Journal of Pediatric Gastroenterology & Nutrition:
Wildhaber, Barbara E.
Department of Pediatrics, Division of Pediatric Surgery, University of Geneva Children's Hospital, Geneva, Switzerland.
Address correspondence and reprint requests to Prof Barbara E. Wildhaber, MD, Médecin-Cheffe de Service, Chirurgie Pédiatrique, Hôpital des Enfants, Hôpitaux Universitaires de Genève, Rue Willy-Donzé 6, 1211 Genève 14, Switzerland (e-mail: Barbara.Wildhaber@hcuge.ch).
Received 17 July, 2011
Accepted 25 July, 2011
The author reports no conflicts of interest.
See “Widening Spectrum of Liver Angiosarcoma in Children” by Ackermann et al on page 615.
Pediatric vascular liver tumors are divided into infantile hemangioendothelioma (HE), cavernous hemangioma, and arteriovenous malformations. HE and cavernous hemangioma are mostly benign, asymptomatic, and found incidentally, and treatment is not necessary (1). They can be solitary or multifocal, they can be present in early infancy or appear later in childhood, they can recur even after having disappeared, and they can be of different histological types. Nevertheless, there is more than just the harmless incidental pediatric vascular liver tumor. Before we start a clinical discussion, we need to recognize that there are 2 types of histological patterns of liver HE in infants and children: HE type 1 is an orderly tumor having a pattern identical to that of the cutaneous hemangiomas, is usually benign, and regresses spontaneously with time; type 2 HE has, histologically, a more aggressive, irregular appearance, also can be called angiosarcoma, and is clearly a malignant tumor that needs aggressive treatment (2).
Unfortunately, imaging studies do not easily help to definitely differentiate between HE types 1 and 2. They show different contrast enhancements in computed tomography scans (centripetal vs irregular central) (3), but this may only raise suspicion and must lead to the decision to perform a biopsy. Because HE can present as multifocal disease, definite histological diagnosis is difficult to obtain in such cases because histology may be different from nodule to nodule. Serum parameters help neither; α-fetoprotein has no diagnostic value, because most often it is normal.
What can help us to distinguish between children with HE type 1 or type 2? There are different clinical pictures that must raise suspicion. First, HE of the neonate or infant may present with complications (eg, congestive heart failure) needing treatment (eg, steroids, chemotherapy, interferon, embolization), but it usually resolves with time and will not bother anymore. But beware! It seems that multifocal disease can show different behavior: As we learn from more than just sporadic case reports (as described in the article by Ackermann et al in this issue of JPGN(4)), this benign classified tumor if multifocal, may reappear later in childhood, and will have a devastating outcome; the relapse often is malignant and presents as HE type 2—as an angiosarcoma. This later presentation of HE type 2 probably indicates sarcomatous change in benign hemangiomatous tissue rather than an initial misdiagnosis (5). We may compare this observation to the possible evolution of mesenchymal hamartoma of the liver, in which an initially benign tumor can degenerate into a sarcoma (6). Another situation may be that imaging studies and clinical experience may clearly diagnose a type 1 HE in an infant, yet it may not respond to medical treatment. Cases have been described in which liver transplantation (LT) was needed to cure a baby; HE type 2 was discovered in the explants (4). A vascular liver tumor in a toddler also may lead us to the quick and easy diagnosis of “hemangioma.” Beware! it well may be an angiosarcoma, especially when the lesion is multifocal. Accordingly, and well outlined by Ackermann et al (4), there are 3 different situations that should alert us in the context of vascular tumors in the pediatric patient: a nonresponding HE in an infant; a recurrent HE in a toddler after recovery of infantile disease; and a newly appearing vascular tumor, solitary or mulfifocal, in a toddler (4). Beware of vascular tumors of the liver in children.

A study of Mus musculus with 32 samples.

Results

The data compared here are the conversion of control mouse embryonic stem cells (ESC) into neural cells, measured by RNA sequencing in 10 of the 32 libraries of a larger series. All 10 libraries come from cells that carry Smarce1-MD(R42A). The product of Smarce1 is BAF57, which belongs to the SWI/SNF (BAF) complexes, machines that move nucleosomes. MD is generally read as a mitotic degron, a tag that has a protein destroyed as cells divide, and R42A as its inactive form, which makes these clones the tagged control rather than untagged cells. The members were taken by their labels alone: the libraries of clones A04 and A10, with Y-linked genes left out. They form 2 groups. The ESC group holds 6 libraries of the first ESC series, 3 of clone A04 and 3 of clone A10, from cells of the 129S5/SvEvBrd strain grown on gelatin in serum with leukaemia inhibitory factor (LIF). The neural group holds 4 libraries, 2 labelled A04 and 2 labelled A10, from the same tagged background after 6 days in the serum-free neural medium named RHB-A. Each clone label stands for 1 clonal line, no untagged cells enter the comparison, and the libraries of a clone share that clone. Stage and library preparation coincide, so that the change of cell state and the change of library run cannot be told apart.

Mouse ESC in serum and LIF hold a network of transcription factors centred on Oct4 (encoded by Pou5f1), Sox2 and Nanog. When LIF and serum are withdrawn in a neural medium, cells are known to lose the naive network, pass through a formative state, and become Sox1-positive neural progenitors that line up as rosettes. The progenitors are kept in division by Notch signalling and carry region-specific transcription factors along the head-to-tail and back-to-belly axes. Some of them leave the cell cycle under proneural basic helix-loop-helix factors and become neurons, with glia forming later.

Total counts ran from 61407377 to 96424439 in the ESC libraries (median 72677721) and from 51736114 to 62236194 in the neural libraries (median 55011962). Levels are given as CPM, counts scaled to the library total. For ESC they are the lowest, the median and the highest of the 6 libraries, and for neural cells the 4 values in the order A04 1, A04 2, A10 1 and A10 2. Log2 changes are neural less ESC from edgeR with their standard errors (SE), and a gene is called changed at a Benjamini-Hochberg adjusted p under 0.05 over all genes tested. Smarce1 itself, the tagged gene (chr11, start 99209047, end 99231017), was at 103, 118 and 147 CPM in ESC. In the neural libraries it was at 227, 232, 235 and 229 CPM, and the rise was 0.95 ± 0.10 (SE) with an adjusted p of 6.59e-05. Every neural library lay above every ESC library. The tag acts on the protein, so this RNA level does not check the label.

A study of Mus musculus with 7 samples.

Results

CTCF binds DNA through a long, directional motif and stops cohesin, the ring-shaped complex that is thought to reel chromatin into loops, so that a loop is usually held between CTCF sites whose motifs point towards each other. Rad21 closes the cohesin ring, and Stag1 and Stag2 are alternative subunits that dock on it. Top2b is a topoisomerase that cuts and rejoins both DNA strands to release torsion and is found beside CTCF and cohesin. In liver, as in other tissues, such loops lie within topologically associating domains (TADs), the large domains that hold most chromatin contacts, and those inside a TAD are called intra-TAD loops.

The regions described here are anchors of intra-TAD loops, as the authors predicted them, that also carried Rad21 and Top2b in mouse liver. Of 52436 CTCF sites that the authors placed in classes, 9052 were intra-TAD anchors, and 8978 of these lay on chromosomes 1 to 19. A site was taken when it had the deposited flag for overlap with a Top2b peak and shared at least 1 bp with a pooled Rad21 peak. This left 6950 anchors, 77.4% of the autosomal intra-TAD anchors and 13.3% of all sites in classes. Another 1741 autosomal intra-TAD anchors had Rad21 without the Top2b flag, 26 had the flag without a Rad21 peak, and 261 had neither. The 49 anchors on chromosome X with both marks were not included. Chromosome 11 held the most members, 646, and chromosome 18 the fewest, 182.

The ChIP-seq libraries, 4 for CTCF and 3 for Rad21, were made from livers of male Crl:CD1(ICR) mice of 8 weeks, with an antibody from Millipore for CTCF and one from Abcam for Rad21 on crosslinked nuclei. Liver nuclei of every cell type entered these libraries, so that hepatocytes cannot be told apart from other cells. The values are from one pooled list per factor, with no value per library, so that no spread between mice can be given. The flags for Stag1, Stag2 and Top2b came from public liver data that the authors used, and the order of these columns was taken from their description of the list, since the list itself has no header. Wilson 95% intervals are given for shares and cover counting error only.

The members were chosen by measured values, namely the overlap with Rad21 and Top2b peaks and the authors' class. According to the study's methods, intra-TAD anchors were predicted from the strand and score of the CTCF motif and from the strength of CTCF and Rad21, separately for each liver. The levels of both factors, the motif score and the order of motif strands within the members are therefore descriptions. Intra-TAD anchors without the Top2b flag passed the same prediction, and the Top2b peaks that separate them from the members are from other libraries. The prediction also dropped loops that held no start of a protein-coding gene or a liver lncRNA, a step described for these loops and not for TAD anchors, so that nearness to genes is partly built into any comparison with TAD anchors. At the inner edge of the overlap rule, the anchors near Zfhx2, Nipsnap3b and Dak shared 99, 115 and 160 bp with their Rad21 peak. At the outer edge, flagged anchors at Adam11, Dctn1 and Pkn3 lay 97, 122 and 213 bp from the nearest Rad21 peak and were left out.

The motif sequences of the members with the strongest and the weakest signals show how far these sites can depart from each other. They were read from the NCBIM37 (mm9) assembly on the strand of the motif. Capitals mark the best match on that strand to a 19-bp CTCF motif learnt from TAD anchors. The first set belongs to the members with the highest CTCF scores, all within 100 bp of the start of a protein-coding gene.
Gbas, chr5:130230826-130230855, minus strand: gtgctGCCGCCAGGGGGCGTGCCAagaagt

How will we treat these children? Angiosarcoma, that is, HE type 2, in children still is considered an uncontrollable oncological problem (7). Nonetheless, if localized in the pediatric liver and not associated with metastasis, LT may be a way out, with a good prognosis (4). In contrast, in adults, the results of LT for angiosarcoma are disastrous and angiosarcoma remains an absolute contraindication to LT (8). So, how can we dare to think of LT in children for the “same” indication? Certain features of the biology of malignant vascular tumors of the liver in childhood, with their counterpart in adults, have been reported (9) and may explain why LT in children for the same indication is much more successful than in adults. LT may indeed be superior to surgical tumor resection, because HE type 2 has a most aggressive behavior, and the risk of relapse in the remaining liver is high (4). If we compare, who would have thought that panhepatic and even metastatic pediatric hepatoblastoma would ever be accepted indications for LT, with a good prognosis (10)? HE type 2 may fit into the same category of pediatric liver tumors. The treatment outlined by Ackermann et al and others (4), that is LT, must indeed earn its place in the treatment of HE type 2.